Breathe London is a new cutting-edge project to better understand Londoners’ exposure to air pollution. The Mayor of London and C40 (a network of cities committed to bold action on climate change and air pollution) have partnered with a consortium of air quality experts, led by Environmental Defense Fund Europe, to deploy mobile and static sensors to measure pollution levels across London, making London’s new air quality monitoring network the most sophisticated in the world.
Breathe London uses state-of-the art technology to make the invisible, visible – and actionable. Google Street View Cars fitted to collect data on Black Carbon, UFPs (Ultrafine Particles), PM₂.₅, NO, NO₂, CO₂ and Ozone Air pollution is a major health threat to all Londoners, with most areas of the capital regularly breaking limits for safe levels of air pollution. London is already a leading world innovator in air quality solutions. But we still have a real problem to solve.
Breathe London has installed 100 new state of the art, low cost, air quality sensors across the 33 London Boroughs. These AQ Mesh pods will be measuring air quality across the city for 12 months. They have been sited on street furniture and building facades, with one third on the pods going to school and nurseries. The pods measure a suite of air pollutants: PM₂.₅, PM₁₀, plus PM₁, as well as NO, NO₂ and CO₂. 10 pods are also measuring Ozone. Measuring CO₂ allows us to determine the sources the pollution, as different emitters have a different ratio of CO₂ to other pollutants. The new pods will fill gaps in the existing air quality monitoring network, help us understand the sources pollution of and, most importantly, the solutions to tackling air pollution.
Over the same year, Google street view cars, bristling with state of the art sensors, will sample more than 1000 miles of London roads. We are concerned with collecting scientifically robust data to ground truth the new air quality intervention and policies coming into force in London over the coming year, most notably the introduction of the Ultra Low Emissions Zone (ULEZ). This is of particular interest to the Greater London Authority (GLA), who support the project, but do not sponsor it. The new sensor network will provide a firmer evidence base than the current sparse network, which relies heavily on modelling.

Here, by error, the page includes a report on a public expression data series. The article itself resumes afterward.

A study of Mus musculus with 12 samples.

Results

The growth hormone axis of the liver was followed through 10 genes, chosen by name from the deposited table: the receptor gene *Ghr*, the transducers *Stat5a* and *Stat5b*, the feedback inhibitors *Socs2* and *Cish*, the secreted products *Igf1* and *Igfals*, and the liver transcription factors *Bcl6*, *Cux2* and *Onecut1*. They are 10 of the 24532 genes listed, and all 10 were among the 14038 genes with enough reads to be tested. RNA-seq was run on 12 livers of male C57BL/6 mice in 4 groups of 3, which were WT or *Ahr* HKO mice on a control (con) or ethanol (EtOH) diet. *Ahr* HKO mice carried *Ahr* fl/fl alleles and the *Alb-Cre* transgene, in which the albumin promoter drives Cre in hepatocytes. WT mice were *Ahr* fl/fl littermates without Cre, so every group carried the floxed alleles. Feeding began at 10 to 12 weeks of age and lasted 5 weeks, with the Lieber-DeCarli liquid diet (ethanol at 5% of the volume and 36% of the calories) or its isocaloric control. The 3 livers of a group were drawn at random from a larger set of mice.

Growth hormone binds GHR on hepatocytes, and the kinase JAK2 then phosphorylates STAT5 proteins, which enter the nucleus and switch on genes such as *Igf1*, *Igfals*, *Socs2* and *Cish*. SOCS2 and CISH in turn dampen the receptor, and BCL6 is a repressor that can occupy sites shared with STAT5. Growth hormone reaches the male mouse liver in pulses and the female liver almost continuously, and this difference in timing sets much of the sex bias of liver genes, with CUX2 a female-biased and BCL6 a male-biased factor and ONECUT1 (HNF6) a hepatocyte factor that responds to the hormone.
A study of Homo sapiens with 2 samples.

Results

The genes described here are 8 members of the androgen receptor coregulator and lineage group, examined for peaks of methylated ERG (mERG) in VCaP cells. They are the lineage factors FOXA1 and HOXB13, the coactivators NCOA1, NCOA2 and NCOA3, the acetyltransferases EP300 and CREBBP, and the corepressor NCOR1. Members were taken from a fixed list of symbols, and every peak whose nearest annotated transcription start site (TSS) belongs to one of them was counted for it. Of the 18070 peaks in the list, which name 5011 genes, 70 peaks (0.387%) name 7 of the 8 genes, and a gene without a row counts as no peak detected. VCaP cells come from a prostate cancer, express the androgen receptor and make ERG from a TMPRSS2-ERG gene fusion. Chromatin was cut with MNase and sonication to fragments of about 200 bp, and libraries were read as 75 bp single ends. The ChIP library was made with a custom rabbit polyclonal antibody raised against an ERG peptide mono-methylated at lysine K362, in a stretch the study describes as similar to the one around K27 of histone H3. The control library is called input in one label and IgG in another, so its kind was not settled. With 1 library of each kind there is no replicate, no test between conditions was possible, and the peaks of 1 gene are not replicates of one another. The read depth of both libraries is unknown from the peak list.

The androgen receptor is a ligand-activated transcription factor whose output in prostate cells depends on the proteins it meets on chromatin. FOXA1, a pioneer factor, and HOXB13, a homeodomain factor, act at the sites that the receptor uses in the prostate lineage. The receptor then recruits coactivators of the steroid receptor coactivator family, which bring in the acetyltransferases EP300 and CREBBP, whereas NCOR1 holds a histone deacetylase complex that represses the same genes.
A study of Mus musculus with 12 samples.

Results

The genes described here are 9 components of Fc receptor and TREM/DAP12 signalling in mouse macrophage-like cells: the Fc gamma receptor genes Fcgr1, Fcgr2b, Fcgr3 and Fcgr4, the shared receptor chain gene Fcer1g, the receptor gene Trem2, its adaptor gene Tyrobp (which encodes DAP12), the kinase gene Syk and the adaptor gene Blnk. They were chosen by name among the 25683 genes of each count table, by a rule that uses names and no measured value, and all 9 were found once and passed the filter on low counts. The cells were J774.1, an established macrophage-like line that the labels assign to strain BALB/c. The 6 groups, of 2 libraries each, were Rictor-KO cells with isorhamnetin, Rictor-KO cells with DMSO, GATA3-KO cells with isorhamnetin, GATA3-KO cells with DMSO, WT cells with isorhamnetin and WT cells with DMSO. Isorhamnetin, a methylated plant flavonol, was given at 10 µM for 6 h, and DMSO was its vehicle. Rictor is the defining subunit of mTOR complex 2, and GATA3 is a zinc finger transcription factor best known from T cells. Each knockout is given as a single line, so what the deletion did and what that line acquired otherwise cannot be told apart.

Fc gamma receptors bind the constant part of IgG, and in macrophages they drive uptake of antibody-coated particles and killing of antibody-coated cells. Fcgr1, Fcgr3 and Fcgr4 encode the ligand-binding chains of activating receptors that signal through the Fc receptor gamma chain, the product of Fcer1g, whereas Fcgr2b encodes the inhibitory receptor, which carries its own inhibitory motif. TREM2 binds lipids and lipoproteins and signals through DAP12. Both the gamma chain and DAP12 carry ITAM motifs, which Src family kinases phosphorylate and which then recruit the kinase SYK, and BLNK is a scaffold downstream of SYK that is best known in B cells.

By piloting a hybrid static and mobile monitoring systems, coupled to state-of-the-art air quality models, we are breaking new ground on the assessment of air quality policy interventions. Breathe London’s new hyperlocal air quality monitoring network will support policymaking, policy evaluation and citizen engagement. The method of using robust science to support improvements to London’s air quality will provide a replicable model for action across other UK cities and globally.
Our expert team comprises internationally recognised leaders in the field and organisations with a very strong record of accomplishment, bringing many years of complementary experience to the project. They are Environmental Defense Fund (established in both the U.S. and the Europe), Air Monitors Ltd, Google Earth Outreach (Google), Cambridge Environmental Research Consultants (CERC), University of Cambridge and the National Physical Laboratory (NPL).
Data from the project will be made publically available through a newly developed online platform on the Breathe London website, to come online in early 2019. Data will be presented using accessible maps and tools – which aim to drive citizen and policy action.
This unprecedented level of detail about air pollution in London will give Londoners a greater understanding of air pollution in their local areas. With data collected from mobile, static and wearable technology, and information about which policy interventions are effective, individual citizens and community groups can feel engaged and empowered to campaign for tougher action on air quality issues.
We know there is real power in this information. Not just to show us when and where the pollution is at its worst but also to see how things change when new ideas are introduced to do something about it. Then we can all call for more solutions, helping us get to grips with our big invisible problem. This project is starting in London but what we find out here will help inform cities around the world. Leading to a better quality of life for city dwellers everywhere.